Electrifying Rural America
During the Great Depression era, President Franklin D. Roosevelt recognized the need to electrify the rural areas of the country, viewing infrastructure as a key facet in his economic recovery initiatives. He was inspired by the cooperative movement founded in England almost 100 years earlier by a group of English weavers who disliked the high prices of groceries sold in company-owned stores. This disgruntled group pulled their own money together to buy their own food and initiated a new type of business—the cooperative. President Franklin D. Roosevelt applied this co-op approach to solve the electric infrastructure problem by creating the Rural Electric Association (REA) in 1935. This helped to modernize farming operations and to create new jobs.
In the mid-1930s, 9 out of 10 rural homes were without electricity. The possibilities enlightened by the development of the REA brought farmers, ranchers, and rural families together around a common interest in lighting up rural America. Five dollars was all it took to gain access to membership and equity in bringing power the countryside.
The Rise of Electric Cooperatives
Born from an immediate challenge of national crisis during World War II along with the mission to electrify rural America, the National Rural Electric Cooperative Association (NRECA) was established in 1942. During this time, there were widespread shortages of construction material needed for electric development. The NRECA was organized to help solve this issue as well as to facilitate insurance coverage for newly established cooperatives and to alleviate wholesale power problems.
In the mid-1930s to early 1940s, there was an increasing demand for electrifying remote and rugged regions of the United States. And by 1953, more than 90 percent of U.S. farms had electricity.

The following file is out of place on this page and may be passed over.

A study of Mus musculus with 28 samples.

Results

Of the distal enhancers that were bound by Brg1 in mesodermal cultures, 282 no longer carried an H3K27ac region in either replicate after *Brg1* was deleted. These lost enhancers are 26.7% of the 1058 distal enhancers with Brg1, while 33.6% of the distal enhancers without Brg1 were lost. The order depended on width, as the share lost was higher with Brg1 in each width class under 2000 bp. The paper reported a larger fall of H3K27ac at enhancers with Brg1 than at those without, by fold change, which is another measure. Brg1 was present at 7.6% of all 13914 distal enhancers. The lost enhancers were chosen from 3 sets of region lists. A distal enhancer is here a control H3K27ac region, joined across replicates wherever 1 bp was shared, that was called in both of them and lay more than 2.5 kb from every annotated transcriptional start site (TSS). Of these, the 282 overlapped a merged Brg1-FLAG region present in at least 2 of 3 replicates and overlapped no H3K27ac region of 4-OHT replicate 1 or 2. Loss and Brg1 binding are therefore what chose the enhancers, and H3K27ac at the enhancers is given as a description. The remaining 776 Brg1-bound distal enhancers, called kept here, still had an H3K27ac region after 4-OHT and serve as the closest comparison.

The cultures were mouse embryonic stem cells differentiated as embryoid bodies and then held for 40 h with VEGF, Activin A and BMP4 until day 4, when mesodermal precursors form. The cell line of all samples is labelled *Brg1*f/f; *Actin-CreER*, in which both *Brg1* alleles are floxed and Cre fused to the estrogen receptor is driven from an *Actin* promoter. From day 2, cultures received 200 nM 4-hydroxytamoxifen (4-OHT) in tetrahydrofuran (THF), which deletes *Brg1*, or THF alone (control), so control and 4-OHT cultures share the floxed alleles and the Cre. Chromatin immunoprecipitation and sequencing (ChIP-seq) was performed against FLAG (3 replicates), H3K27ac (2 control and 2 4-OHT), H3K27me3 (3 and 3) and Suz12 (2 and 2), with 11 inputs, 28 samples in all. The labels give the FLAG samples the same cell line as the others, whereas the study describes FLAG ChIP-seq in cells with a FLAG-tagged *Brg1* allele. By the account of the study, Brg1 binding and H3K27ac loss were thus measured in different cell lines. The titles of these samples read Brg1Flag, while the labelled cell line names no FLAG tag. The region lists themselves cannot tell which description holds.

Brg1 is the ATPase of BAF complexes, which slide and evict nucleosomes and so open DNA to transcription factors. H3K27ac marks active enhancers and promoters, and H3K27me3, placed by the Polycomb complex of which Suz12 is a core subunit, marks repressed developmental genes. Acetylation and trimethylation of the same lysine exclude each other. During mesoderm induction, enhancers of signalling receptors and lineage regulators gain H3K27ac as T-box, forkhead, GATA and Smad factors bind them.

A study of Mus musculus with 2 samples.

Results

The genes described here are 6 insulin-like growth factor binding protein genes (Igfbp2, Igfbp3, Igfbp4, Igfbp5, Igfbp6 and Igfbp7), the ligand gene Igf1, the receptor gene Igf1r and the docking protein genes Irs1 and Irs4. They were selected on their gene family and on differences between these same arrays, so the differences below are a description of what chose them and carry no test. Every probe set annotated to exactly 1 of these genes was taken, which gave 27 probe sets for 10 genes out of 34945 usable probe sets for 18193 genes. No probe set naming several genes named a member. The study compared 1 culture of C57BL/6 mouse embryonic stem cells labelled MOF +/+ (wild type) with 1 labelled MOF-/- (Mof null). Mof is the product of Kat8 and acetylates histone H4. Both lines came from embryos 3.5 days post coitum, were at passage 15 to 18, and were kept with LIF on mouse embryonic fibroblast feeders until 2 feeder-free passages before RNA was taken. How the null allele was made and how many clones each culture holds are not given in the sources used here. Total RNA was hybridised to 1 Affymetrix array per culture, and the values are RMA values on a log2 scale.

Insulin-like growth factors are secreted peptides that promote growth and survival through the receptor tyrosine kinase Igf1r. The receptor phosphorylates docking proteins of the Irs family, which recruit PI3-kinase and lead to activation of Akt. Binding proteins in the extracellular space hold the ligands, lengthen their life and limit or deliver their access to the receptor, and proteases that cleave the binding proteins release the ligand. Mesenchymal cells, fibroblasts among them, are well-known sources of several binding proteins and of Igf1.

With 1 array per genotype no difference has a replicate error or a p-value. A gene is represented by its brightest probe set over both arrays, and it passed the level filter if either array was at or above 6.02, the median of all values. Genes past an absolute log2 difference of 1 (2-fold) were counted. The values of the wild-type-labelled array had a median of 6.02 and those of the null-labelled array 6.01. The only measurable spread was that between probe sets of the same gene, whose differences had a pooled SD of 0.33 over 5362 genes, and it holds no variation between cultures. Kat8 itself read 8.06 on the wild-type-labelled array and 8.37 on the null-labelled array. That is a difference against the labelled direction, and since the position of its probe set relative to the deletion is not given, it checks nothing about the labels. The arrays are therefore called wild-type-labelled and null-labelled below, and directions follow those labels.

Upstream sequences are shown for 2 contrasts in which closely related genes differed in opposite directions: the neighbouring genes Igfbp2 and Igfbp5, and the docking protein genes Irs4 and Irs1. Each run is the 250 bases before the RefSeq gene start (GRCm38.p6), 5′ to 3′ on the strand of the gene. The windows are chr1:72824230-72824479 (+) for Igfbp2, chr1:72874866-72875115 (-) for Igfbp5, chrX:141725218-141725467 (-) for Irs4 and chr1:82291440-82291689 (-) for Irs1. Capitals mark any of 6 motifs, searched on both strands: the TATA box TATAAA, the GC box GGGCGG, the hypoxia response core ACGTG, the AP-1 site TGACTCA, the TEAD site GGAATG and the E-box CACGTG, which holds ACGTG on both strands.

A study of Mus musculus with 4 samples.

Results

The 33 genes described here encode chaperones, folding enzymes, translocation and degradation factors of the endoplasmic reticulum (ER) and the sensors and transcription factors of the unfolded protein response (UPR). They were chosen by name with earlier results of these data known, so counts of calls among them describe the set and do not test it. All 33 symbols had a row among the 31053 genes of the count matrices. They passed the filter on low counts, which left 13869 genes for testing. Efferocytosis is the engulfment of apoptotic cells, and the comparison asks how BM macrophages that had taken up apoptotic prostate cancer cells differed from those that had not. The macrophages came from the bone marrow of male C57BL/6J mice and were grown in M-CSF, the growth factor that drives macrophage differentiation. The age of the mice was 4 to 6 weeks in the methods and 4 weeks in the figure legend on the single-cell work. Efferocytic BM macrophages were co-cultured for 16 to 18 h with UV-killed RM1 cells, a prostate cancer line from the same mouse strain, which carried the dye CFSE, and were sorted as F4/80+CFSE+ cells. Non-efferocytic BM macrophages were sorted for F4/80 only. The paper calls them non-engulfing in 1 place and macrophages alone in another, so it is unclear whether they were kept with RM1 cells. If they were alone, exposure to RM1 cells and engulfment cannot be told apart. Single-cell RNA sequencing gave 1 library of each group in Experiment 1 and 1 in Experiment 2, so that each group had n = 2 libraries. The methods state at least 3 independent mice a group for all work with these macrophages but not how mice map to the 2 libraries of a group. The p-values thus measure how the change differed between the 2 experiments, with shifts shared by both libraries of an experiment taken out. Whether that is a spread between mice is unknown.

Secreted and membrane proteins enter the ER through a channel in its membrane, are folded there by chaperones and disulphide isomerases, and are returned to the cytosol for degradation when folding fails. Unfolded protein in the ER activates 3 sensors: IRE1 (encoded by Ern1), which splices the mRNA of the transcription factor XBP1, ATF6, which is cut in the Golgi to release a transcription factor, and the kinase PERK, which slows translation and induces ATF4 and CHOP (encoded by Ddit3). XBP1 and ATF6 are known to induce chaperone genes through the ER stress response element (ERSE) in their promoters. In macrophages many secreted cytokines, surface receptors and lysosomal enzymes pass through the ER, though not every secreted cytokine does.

These initial accomplishments are the basis of the modern NRECA that is still driven by its mission to help its member cooperatives improve the lives of their consumer-members. Today, they represent over 900 consumer-owned, not-for-profit electric cooperatives, public power districts, and public utility districts in the United States—bringing electricity to over 42 million Americans.
The current responsibilities of the NRECA are to:
- Oversee cooperative employee benefit plans
- Carry out federal government relation activities, such as lobbying
- Conduct management and director training
- Spearhead communications, advocacy, and public relations initiatives
- Coordinate national and regional conferences and seminars
- Offer member cooperatives advice on tax, legal, environmental, and engineering matters
- Perform economic and technical research
Cooperatives around the world operate according to the same set of core principles and values, adopted by the International Co-operative Alliance. These principles are a prime example of how America’s electric cooperatives put the needs of their members first (NRECA).
Progress Through Principles
The NRECA fosters innovation among their member cooperatives through technology and energy advancements—improving quality of life and further developing cooperatives to offer better solutions.
These innovations also foster a shared sense of purpose to look abroad and utilize the co-op model to assist other countries in electrifying their rural areas—bringing the cooperative idea full circle. To this day, their mission continues as NRECA International makes strides toward growth, sustainability, and prosperity in the developing indigenous electrification institutions. NRECA International works in 16 countries outside of the United States spanning across Latin America, Asia, and Africa.
For over 50 years, the NRECA has been considered a global ambassador for the cooperative business model. As a leader in energy innovation with safety in the forefront, we can be sure that the NRECA will stay engaged in progressing technology, the use of energy, the development of cooperatives, and resources for our communities—illuminating the globe.